Oh, will these horror remakes never stop coming? (I’ve grudgingly paid my hard-earned money for all three so far this year, so there’s your answer.) My Bloody Valentine 3D kicked off 2009 with novel panache, but so far the year of consecutive Friday the 13ths has been particularly kind to the wallet of old-school horror moneyman Sean S. Cunningham, first with the obvious Friday the 13th—by all appearances remade only because they couldn’t even think of new ideas worthy of a Friday the 13th sequel—and now with a slick re-imagining of Wes Craven’s Cunningham-produced 1972 debut, The Last House on the Left.
It was only a matter of time, after all. With the success of Alexandre Aja’s savage take on Craven’s The Hills Have Eyes and the proliferation of the genre now referred to by detractors and the faithful alike as “torture porn,” horror audiences are well-primed for another visit to the The Last House on the Left. After years of copycatting, the story will surely ring a bell: A teenage girl is abducted by animalistic criminals, brutally raped and then left for dead, after which her stranded captors unknowingly take refuge in her parents’ home. The audience’s reward for watching the girl’s horrific torture? Watching her parents horrifically torture the bad guys in return.
As any adjacent film snob has likely told you twice by now, the story has surprisingly lofty origins in Ingmar Bergman’s 1960 medieval drama The Virgin Spring, itself based on a 13th-century Swedish ballad. Bergman’s film, as you might expect, is a work of intense heaviness, paying special attention not only to the conflict of “civilized” Christian principles with the realities of a godless world but more specifically to the emotional and psychological anguish of the parents. The rape and murder of the young Karin remains shocking to this day, but more affecting is the second of the two acts, as the father dispatches the fiends in a fit of cold, quiet passion which the viewer is asked only to observe.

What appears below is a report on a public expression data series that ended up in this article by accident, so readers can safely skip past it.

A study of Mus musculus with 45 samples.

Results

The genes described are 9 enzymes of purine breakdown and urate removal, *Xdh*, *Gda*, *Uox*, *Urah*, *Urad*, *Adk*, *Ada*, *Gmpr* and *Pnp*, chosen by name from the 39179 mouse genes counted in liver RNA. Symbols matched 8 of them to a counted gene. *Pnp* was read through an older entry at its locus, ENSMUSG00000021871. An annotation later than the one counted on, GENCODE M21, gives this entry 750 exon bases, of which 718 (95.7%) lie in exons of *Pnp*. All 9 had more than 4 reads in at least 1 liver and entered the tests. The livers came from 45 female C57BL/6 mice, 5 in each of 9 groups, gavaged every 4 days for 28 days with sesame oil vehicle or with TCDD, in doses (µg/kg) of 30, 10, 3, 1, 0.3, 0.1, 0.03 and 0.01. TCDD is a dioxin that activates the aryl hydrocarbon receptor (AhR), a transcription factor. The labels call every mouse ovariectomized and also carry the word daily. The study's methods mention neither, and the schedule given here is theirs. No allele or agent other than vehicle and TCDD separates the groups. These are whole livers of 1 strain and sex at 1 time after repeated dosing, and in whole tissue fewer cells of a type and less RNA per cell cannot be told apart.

The idea to translate The Virgin Spring into the ever-intensifying world of ’70s exploitation horror is as brilliant as it is obvious, and Craven played it up to notorious effect with the much-censored original Last House. But inspiration is one thing, and execution another: Last House on the Left’s across-the-board ineptitude could be easily described as laughable if it didn’t toy so fecklessly with sexual assault and humiliation. The first half preys viscerally on our worst societal fears, while the second insists that we react only with our guts, and embrace the concept that violence should beget violence. (To this day Craven sticks to his “social and moral commentary” guns, but if you can think of a more antisocial, amoral film, I’ll thank you to keep it the hell away from me.)
But what of the remake? Few have ever accused Hollywood’s horror-flick grave-robbing fad of anything approaching taste or decorum, so it stood to reason that a new take on Last House would probably plumb the same misanthropic depths with a slick enough sheen to trick college kids into a strong opening weekend.
The result, though, is a small wonder of adaptation, and an unreasonably vast improvement on the original. Greek director Dennis Iliadis and his screenwriters have taken Craven’s sloppy two-act structure and fleshed it out into one of the sharpest, meanest suspense thrillers in recent memory, full of style, careful plotting, and game performances. Underused character actor Garret Dillahunt is particularly chilling as psychopathic ringleader Krug. Most importantly, there is the thought that Iliadis has put into his storytelling—the rape scene remains harrowing (should a rape scene play out any other way?) but also exists organically within the story rather than as its exploitative crux. The film’s assuredly graphic violence gets a similarly surprising pass. Where the original sickens us with violence in its first half and tries to turn around and entertain us with it in the second half, the remake’s sure pace and tone allow that dichotomy to slip into our subconscious where it belongs.
All that said, The Last House on the Left is not a film to be recommended to a general audience. Give it credit for knowing it is no Virgin Spring, that it can’t hope to communicate such essential ideas about the human experience and the moral nature of our world. But don’t forget to question why the story should be otherwise told.